SPHERES, a testbed for experiments in zero-gravity
If you were asked you to picture an astronaut, you would probably image him in his space suit floating on the border between the blue curve of the earth atmosphere and the darkness of deep space. In practice, sending an astronaut out of his vehicle for an EVA (Extra-Vehicular Activity) is quite costly and hazardous. And many challenges had to be solved before being able to send a human being in such a hostile environment.
As a consequence, robots are good candidates to replace some EVA to conduct external damage inspection and repair but a major challenge remain to perform safe and reliable navigation in spatial environment. The SPHERES testbed has been imagined and designed by the Massachussetts Institute of Technology Space Systems Lab then produced and sent the to the International Space Station (ISS) in the first decade of this century to allow scientists and astronauts to conduct several experiments in real zero gravity situation like swarm robotics, vehicles rendezvous and docking, visual navigation, actuation through electromagnetic fields or gyroscope, research on fluid mechanics in space, modular deployment in space, junior robot competitions,...
A new hardware extension to improve visual navigation
Among the challenges induced by visual navigation in space, accurate and reliable sensing is of great importance. Indeed, in a spatial environment, luminosity can be either extremely dark or either too bright for common sensors and the landscape includes large patch of uniform color with few visible details. This leads to failure of classical vision algorithms that are based on corner detection, which request lot of details and contrast. Another constraint is mainly technical as it is difficult to embed a lot of computation power in a small satellite that has to navigate without external help.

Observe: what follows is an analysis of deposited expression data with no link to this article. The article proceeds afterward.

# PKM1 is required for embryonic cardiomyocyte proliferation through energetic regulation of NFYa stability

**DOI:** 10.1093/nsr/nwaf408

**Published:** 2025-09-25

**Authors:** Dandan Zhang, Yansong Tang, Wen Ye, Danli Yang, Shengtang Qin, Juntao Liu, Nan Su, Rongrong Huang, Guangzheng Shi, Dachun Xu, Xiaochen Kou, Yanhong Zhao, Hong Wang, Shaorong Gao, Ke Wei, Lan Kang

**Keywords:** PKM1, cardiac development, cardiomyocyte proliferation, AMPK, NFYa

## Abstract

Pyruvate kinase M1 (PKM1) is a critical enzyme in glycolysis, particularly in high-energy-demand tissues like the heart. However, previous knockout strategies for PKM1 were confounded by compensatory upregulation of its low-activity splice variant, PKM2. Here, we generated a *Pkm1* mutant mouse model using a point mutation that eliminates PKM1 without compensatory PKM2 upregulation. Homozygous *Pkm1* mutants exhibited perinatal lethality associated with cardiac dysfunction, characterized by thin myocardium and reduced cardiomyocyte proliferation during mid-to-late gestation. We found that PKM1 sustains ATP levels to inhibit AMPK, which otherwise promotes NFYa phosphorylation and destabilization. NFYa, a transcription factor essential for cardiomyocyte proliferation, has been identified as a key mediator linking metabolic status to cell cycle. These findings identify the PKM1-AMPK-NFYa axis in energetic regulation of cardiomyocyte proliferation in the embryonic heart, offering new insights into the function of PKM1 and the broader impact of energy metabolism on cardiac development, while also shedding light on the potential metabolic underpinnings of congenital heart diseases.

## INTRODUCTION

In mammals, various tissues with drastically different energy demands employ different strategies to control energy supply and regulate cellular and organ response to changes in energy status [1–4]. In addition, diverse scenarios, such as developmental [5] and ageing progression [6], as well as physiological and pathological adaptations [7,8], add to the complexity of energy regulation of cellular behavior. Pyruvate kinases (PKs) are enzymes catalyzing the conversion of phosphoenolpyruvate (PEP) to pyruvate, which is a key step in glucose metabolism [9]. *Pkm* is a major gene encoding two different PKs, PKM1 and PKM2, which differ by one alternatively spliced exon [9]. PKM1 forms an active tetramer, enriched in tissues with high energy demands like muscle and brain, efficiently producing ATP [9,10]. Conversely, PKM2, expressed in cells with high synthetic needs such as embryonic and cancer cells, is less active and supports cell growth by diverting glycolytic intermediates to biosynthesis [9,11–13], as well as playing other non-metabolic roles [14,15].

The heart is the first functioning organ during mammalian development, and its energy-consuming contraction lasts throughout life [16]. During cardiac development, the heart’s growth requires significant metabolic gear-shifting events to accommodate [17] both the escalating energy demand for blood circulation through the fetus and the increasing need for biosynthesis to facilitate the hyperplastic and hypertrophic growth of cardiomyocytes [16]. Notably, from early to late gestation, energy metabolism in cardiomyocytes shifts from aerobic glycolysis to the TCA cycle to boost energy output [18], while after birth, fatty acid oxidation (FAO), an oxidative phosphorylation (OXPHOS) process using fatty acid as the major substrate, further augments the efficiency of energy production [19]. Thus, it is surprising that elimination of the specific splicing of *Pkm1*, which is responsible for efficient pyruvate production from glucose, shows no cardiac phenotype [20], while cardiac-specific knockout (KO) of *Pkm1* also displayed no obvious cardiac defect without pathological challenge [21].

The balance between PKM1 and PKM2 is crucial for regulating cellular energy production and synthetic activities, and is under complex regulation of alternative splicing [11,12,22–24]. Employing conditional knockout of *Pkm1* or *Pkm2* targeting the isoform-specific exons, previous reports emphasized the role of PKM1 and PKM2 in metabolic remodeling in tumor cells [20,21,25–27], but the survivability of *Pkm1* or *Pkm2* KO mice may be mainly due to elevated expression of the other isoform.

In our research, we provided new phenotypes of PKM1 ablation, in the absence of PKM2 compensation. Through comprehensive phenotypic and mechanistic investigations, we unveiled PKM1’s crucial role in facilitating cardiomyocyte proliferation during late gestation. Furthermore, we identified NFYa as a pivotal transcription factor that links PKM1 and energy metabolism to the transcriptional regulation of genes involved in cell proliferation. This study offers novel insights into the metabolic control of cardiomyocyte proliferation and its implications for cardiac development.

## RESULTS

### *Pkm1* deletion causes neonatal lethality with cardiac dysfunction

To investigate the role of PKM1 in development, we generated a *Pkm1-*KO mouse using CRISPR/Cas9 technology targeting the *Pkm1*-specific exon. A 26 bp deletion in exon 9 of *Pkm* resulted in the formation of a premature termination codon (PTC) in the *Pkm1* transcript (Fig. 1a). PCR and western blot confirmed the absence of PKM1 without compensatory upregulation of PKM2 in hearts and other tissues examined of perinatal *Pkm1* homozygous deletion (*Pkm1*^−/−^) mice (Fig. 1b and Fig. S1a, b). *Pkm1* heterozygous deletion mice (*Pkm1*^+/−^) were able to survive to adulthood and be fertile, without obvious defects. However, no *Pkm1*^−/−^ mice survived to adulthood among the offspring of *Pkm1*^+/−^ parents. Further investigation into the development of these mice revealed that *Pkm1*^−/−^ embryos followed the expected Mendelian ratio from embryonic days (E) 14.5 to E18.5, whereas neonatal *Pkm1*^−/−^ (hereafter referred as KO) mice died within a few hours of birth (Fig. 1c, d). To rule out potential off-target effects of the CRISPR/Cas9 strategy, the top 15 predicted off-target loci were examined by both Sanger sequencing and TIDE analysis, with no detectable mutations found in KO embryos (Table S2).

To cope with those issues, it has been proposed to create a new extension for the SPHERES nano-satellites called HALO (sent to the ISS in the end of 2016). It could support multiple cameras with different properties to merge their outputs into a more reliable and accurate representation of the external scene for an efficient navigation. In my thesis, I investigated different algorithms to realize this fusion between a 3D Time-of-Flight (TOF) camera, a stereoscopic camera setup and a thermographic camera.
A probabilistic approach to fuse the sensors images
After discussions and bibliographic research, it has been decided to focus on designing a procedure for automatic calibration of the TOF and the stereoscopic camera together and merging dense 3D point clouds constructed from their outputs. Those tasks have been realized using probabilistic theory and Bayes estimation. Some tests were first performed with three degrees of freedom on an air-cushion table then with six degrees of freedom during parabolic flight sessions in a NASA Zero-G plane. Though the automatic calibration method performed really well, the fusion algorithm failed to show significant improvements. It has been concluded that it was not totally appropriate to work with such low accuracy sensors and mechanical setup but there was no time to implement new ideas. The details can be found in my Master thesis or in a paper published in the 45th International Conference on Environmental Systems that also focuses on actuation via the gyroscopes.